The Joy of SOX:  Why Sarbanes-Oxley is Good for American Business

New book by SOA Software Executive Hugh Taylor Highlights Role of IT and Compliance in Improving Business Operations

LOS ANGELES, Calif.—May 16, 2006—SOA Software, the leading provider of comprehensive SOA and Web services management, security and governance solutions, announced today that Hugh Taylor is publishing his third book, The Joy of SOX: Why Sarbanes-Oxley and Service-Oriented Architecture May Be The Best Thing That Ever Happened To You with Wiley Technology Publishing. 


“Sarbanes-Oxley is a critical issue for many of our key customers.  We encourage companies to invest in IT infrastructure that enables them to respond quickly and inexpensively to evolving regulatory requirements,” says Rob Levy, executive vice president and chief technology officer, BEA Systems.  “We feel that SOA has the potential to ease the facilitation of compliance over time, minimizing expense and maximizing informational integrity.”


Taking a contrarian stance in the controversy surrounding the Sarbanes-Oxley Act (SOX), which Congress passed in response to frauds at Enron and WorldCom, The Joy of SOX identifies ways that this controversial law can actually drive improvements in operational efficiency. The book uses a case study to help readers understand how to leverage and use service-oriented architecture (SOA) to meet the requirements for internal controls that are mandated by the SOX while preserving strategic agility. 


“My goal in writing the book was to demonstrate to readers that they can survive the transition to SOA without sacrificing compliance or agility,” says Taylor.  “In fact, SOA and SOX empower each other for greater business success if done right. However, the opposite is also true.  A poorly governed SOA can cause problems for SOX compliance.”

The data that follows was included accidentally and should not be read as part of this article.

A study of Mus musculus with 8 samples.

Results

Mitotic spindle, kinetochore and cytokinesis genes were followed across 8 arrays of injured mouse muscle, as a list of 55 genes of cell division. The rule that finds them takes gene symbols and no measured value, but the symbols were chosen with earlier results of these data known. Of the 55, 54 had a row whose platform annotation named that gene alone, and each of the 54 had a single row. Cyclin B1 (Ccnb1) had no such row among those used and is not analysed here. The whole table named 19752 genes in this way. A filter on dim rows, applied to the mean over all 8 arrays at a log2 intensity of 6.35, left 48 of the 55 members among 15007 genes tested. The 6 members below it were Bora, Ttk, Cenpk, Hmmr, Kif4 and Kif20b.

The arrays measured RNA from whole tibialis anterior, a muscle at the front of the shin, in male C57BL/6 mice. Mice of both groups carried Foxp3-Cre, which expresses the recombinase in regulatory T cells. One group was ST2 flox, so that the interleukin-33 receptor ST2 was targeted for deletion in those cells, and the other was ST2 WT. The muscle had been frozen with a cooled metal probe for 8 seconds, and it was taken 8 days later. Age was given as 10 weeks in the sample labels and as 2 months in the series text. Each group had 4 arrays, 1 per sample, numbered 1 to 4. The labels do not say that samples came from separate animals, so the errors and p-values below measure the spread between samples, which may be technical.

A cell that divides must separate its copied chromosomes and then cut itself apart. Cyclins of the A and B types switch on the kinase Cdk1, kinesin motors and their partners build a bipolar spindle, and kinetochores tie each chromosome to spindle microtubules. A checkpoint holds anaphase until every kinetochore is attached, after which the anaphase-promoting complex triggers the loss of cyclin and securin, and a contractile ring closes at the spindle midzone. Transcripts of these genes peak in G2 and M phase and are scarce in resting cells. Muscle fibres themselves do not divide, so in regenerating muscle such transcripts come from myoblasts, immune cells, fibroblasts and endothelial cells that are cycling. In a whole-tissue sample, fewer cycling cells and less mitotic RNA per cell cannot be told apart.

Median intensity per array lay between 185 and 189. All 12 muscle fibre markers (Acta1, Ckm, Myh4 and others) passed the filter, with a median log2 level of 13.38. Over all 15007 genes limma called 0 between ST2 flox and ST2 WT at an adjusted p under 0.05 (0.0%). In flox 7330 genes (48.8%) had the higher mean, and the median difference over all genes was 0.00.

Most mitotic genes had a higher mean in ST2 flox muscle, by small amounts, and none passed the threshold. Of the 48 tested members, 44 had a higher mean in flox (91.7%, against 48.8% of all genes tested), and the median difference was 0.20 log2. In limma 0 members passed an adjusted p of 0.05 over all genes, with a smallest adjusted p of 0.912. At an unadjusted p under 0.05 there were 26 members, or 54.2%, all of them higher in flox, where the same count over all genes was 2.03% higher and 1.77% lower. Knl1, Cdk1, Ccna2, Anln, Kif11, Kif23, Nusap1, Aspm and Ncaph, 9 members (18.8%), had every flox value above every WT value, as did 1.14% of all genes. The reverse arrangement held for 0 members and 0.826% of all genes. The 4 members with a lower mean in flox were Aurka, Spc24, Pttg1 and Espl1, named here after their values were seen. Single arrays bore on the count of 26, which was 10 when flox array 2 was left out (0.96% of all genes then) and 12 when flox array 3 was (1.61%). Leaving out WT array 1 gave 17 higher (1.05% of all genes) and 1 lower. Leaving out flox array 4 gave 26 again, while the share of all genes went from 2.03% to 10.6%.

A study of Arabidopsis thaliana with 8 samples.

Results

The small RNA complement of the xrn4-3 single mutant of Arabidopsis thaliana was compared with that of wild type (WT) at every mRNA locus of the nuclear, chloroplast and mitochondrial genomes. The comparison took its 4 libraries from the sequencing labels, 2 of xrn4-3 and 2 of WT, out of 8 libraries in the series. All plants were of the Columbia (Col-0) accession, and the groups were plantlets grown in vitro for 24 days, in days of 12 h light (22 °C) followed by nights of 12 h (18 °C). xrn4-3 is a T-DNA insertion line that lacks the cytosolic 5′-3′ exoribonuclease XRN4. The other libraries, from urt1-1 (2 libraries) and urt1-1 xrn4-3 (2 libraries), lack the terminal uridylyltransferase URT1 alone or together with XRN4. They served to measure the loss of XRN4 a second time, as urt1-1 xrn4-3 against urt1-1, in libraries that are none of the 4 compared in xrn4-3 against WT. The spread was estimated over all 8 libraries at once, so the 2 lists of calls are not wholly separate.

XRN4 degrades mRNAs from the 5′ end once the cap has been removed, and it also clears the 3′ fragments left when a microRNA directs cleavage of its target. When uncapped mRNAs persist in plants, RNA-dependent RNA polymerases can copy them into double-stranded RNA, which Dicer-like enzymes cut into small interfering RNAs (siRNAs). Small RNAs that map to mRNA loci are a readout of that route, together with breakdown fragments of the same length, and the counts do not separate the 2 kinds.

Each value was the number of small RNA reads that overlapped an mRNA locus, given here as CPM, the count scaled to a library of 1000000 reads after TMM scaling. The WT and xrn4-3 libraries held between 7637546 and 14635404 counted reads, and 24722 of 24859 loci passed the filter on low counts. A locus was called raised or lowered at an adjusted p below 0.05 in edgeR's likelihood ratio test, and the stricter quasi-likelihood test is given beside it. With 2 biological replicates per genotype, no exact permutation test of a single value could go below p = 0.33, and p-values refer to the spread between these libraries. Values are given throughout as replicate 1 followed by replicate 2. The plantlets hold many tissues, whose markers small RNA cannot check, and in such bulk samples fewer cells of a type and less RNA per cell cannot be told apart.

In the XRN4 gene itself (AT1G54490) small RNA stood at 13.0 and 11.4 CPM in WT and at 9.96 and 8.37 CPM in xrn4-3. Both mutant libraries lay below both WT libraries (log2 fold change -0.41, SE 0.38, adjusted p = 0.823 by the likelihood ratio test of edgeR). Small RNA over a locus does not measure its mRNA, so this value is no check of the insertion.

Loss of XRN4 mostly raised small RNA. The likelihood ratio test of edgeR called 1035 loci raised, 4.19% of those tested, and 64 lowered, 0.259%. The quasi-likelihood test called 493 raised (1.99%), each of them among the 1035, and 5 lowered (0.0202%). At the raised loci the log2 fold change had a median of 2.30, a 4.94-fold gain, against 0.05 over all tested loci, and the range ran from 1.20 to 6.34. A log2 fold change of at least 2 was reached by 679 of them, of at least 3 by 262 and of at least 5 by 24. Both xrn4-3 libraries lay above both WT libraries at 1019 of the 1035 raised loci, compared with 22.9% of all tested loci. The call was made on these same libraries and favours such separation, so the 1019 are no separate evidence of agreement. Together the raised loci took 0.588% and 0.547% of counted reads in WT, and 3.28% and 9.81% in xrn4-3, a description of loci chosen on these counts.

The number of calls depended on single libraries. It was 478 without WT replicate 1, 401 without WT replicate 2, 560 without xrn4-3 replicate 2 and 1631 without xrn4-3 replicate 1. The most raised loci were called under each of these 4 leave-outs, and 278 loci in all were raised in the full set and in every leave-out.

SOA, which can expose critical financial applications to nearly universal access, has the potential to disrupt the internal controls over financial reporting that are at the heart of Sarbanes-Oxley compliance.  Companies that embrace SOA for its ability to cut IT costs must assess the technology’s impact on controls. 


“SOA Software’s Service Manager and SOA’s Infrastructure product suite offer unique solutions to a high pressure issue that can help companies build an SOA while adhering to SOX regulations,” says Eric Pulier, chairman of SOA Software and co-author, with Taylor, of Understanding Enterprise SOA.  “Compliance is the elephant in every client’s living room.  It’s costly and time-consuming.  Yet, an SOA, by enabling dynamic and flexible correlation of business processes to IT assets, can simplify compliance.”


About the Book

The Joy of SOX: Why Sarbanes-Oxley and Service-Oriented Architecture May Be The Best Thing That Ever Happened To You (ISBN: 0-471-77274-7) is published by Wiley Publishing, Inc and is available today in paperback for $45.00.  For additional information, visit www.wiley.com/WileyCDA/WileyTitle/productCd-0471772747.html

About the Author

Hugh Taylor is a marketing executive at SOA Software.  He is the co-author, with Eric Pulier, of Understanding Enterprise SOA (Manning, 2005; Finalist in Small Publisher Awards 2006). He is the author of more than a dozen articles and papers on service-oriented architecture and compliance issues. Taylor received his B.A. degree, Magna Cum Laude from Harvard College in 1988 and his M.B.A. degree from Harvard Business School in 1992.


About Wiley

Founded in 1807, John Wiley & Sons, Inc., provides must-have content and services to customers worldwide. Its core businesses include scientific, technical, and medical journals, encyclopedias, books, and online products and services; professional and consumer books and subscription services; and educational materials for undergraduate and graduate students and lifelong learners. Wiley has publishing, marketing, and distribution centers in the United States, Canada, Europe, Asia, and Australia. The company’s corporate headquarters are located in Hoboken, New Jersey. Wiley’s European operations are based in Chichester, England. The Company is listed on the New York Stock Exchange under the symbols JWa and JWb. Wiley’s Internet site can be accessed at www.wiley.com.